Syrian regime introduces 5,000 lira bank note, exacerbating spiralling inflation

Syrian regime introduces 5,000 lira bank note, exacerbating spiralling inflation
The Syrian regime’s Central Bank has introduced a new 5,000 lira banknote amid an economic crisis and spiralling inflation.
2 min read
26 January, 2021
The 5,000 lira banknote was introduced amid unprecedented inflation [Twitter]

The Syrian regime has introduced a new 5,000 lira banknote, a sign of the country's major economic crisis and spiralling inflation.

This is the highest currency denomination ever introduced in Syria's history, even though the real worth of the note is only about $1.70.

Syrian traders have reported that the introduction of the new banknote has caused prices to rise even further.

The Syrian national currency lost most of its value over the course of the country's ten year conflict, reaching unprecedented lows last year.

In early 2011, approximately 50 liras were worth one US dollar, while today the black market exchange rate is around 2,900 liras to the US dollar, with an official exchange rate of 1,256 liras to the dollar.

Read more: Charting the dramatic collapse of Syria's national currency

"The time is right, based on the current economic conditions, to introduce the new currency denomination," the Syrian Central Bank said in a statement.

It added that the new note had been in print for two years. Previously the highest value Syrian banknote in circulation had been the 2,000 lira note, which was introduced in 2017 after a previous bout of inflation.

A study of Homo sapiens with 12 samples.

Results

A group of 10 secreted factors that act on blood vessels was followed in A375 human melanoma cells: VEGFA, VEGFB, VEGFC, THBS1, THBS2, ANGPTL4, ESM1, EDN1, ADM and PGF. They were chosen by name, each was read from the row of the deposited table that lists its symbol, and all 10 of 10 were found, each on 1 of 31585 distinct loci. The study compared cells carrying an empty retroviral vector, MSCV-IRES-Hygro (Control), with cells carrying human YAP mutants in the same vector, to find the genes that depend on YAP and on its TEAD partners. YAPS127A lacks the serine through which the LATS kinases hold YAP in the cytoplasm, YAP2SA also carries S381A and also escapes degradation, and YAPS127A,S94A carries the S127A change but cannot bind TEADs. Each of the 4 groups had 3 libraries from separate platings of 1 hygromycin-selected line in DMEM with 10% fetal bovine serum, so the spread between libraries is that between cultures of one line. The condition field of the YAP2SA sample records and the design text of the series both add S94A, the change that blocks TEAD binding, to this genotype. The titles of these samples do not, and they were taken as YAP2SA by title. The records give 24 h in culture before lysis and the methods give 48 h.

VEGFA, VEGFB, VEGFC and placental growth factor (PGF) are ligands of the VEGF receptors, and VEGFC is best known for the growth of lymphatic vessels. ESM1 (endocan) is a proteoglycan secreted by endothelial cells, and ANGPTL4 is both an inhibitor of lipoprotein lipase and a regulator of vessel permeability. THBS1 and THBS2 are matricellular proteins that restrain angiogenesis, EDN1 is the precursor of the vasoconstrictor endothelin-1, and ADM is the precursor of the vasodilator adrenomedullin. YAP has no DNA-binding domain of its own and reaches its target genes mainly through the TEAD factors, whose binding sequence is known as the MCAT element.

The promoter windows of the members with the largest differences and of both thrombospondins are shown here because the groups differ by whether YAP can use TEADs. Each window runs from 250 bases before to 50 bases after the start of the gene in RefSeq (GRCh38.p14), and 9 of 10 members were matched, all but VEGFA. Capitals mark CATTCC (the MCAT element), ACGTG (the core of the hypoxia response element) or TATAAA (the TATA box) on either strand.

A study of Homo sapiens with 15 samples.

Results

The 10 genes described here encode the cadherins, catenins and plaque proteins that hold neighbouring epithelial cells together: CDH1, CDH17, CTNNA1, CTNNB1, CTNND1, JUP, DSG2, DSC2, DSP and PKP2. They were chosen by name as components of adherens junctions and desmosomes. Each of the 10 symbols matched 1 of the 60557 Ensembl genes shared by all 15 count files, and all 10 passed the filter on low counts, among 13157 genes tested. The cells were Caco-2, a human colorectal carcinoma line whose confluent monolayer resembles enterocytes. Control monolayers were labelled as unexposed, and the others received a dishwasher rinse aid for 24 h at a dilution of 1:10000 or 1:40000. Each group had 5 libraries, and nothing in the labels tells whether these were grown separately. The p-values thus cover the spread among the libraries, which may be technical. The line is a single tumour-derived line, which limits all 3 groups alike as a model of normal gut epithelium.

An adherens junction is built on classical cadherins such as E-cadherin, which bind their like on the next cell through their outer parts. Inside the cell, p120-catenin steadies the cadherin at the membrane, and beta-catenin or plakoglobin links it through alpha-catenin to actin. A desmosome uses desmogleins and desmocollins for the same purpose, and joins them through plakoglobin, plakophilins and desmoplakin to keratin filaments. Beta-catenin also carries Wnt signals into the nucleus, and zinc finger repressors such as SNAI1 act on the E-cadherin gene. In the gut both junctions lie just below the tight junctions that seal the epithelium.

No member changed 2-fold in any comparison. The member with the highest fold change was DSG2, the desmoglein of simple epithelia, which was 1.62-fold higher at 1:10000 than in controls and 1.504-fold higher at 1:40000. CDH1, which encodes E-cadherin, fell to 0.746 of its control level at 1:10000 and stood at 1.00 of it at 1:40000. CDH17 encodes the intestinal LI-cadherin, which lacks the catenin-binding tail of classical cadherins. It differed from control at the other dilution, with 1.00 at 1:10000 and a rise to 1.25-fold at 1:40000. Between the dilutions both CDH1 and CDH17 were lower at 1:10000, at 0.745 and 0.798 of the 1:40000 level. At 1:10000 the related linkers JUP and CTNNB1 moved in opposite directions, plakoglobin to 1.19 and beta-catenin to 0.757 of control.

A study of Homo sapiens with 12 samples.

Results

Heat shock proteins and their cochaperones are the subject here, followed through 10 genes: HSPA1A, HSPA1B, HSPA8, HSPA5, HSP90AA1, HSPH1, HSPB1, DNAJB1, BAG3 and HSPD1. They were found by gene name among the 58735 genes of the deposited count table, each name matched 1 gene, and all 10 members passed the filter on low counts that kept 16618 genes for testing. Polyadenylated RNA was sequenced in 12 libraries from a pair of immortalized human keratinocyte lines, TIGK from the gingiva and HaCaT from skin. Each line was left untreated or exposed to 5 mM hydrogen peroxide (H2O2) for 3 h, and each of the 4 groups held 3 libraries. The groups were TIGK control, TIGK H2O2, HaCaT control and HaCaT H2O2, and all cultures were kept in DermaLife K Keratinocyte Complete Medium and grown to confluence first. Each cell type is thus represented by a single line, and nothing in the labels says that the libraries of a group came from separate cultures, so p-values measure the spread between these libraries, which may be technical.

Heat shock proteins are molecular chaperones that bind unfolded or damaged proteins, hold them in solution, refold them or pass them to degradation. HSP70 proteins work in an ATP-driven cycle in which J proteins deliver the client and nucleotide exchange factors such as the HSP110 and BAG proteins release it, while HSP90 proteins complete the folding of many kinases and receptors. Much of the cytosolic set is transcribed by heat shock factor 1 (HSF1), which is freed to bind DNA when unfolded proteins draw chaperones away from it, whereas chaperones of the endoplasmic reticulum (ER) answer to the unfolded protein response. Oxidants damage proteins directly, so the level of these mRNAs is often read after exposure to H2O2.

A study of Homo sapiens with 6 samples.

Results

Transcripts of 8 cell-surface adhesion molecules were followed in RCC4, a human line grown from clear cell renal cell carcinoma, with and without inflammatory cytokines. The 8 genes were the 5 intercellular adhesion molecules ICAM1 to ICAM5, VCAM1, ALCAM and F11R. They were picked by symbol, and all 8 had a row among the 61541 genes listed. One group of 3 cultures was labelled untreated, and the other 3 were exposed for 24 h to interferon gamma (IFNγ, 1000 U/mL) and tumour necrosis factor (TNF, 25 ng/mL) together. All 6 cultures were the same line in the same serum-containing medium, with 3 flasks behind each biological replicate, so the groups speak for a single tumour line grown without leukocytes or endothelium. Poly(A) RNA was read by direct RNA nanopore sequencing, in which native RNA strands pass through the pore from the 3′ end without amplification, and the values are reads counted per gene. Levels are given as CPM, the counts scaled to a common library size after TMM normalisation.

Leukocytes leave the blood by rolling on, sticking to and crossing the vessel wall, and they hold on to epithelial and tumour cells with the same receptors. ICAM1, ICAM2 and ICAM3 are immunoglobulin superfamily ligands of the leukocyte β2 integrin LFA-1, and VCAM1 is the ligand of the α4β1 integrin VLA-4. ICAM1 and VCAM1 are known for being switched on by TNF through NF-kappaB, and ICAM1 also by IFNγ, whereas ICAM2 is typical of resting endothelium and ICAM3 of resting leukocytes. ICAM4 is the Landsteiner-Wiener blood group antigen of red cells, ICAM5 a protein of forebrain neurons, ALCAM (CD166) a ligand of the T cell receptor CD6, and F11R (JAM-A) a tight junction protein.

The Central Bank said that introducing the 5,000 lira note would allow "gradual removal of damaged notes, particularly because wear and tear has increased recently".

Prices have increased and the Syrian lira has declined further against the dollar after news of the introduction of the note had become public, The New Arab’s affiliate Syria TV reported.

The price kilogram of sugar has increased from 1,500 to 1,800 liras, while the price of a litre of cooking oil had increased from 5,100 to 5,550 liras, traders told the channel.

Other basic commodities have also increased in price. Property prices in Syria also unexpectedly rose last week amid expectations that the new note would be introduced, Syria TV reported.

The Syrian Central Bank is also reportedly studying the introduction of a 10,000 Syrian lira note.

The Assad regime has blamed Syria's currency collapse on sanctions imposed by the US under the Syria Caesar Civilian Protection Act.

Read more: What is the Caesar Act and how will new US sanctions impact Syria?

The US, however, says that the sanctions specifically target the regime and not the Syrian people. The Syrian opposition has welcomed the sanctions which were imposed in response to atrocities committed by the regime against political detainees and other civilians.